An unsafe home, which neighbours claimed was occupied by as many as 20 people, has been shut down by town hall bosses who branded it “a recipe for disaster”.
Council and fire chiefs, who conducted the operation together, said the property, in Coronation Street, Blackpool, could easily have led to the deaths of those inside if a fire had broke out.
Council officers got a warrant to search the building and inside eight men were discovered, along with a number of mattresses and a raft of safety hazards which meant the building was unsafe for people to live in.
There were no smoke alarms, fire extinguishing equipment or fire doors within the property and combustible items, including an Liquid Petroleum Gas cylinder, were found.
As a result, a prohibition notice, ordering immediate closure of the property, was issued by council officers
Police also arrested one man on suspicion of immigration offences.
Coun Gillian Campbell, Blackpool Council’s cabinet member said: “This property was a danger to those living within it and nearby because of a lack of compliance with fire regulations.
“There were no fire doors or smoke alarms along which could have left people within the property, and potentially neighbouring properties, in serious danger had a fire broken out.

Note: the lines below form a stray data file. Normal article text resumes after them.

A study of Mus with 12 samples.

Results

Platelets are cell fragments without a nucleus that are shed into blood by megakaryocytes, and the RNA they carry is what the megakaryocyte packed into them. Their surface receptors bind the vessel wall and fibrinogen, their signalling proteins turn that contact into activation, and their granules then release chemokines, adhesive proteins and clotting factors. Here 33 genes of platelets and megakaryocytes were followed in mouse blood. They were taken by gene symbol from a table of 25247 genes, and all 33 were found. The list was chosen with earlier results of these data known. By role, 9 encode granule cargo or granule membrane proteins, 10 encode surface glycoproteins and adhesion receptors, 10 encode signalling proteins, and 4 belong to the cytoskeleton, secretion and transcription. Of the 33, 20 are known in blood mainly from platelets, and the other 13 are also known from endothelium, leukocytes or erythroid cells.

“There were also concerns about the state of the electrics and combined with a Liquid Petroleum Gas cylinder being in the property, it was a recipe for disaster.”
Mark Cairns, Fire Safety Enforcement team leader, from Lancashire Fire and Rescue, said it was “totally unacceptable that conditions exist where people could die in sleeping accommodation due to mismanagement and lack of fire safety”.
He added: “Owners, landlords, responsible persons and managers of letting companies must appoint appropriate persons or manage premises themselves.
“Anybody seeking assistance in understanding the requirements of the law can contact their local fire safety department for advice via our website, www.lancsfirerescue.org.uk.”
Blackpool Council has been carrying out a string of housing enforcement warrants to access “high risk” premises that pose a risk.
Coun Campbell said shutting down the home in Coronation Street was a small example of the work the authority had been doing to tackle such problems.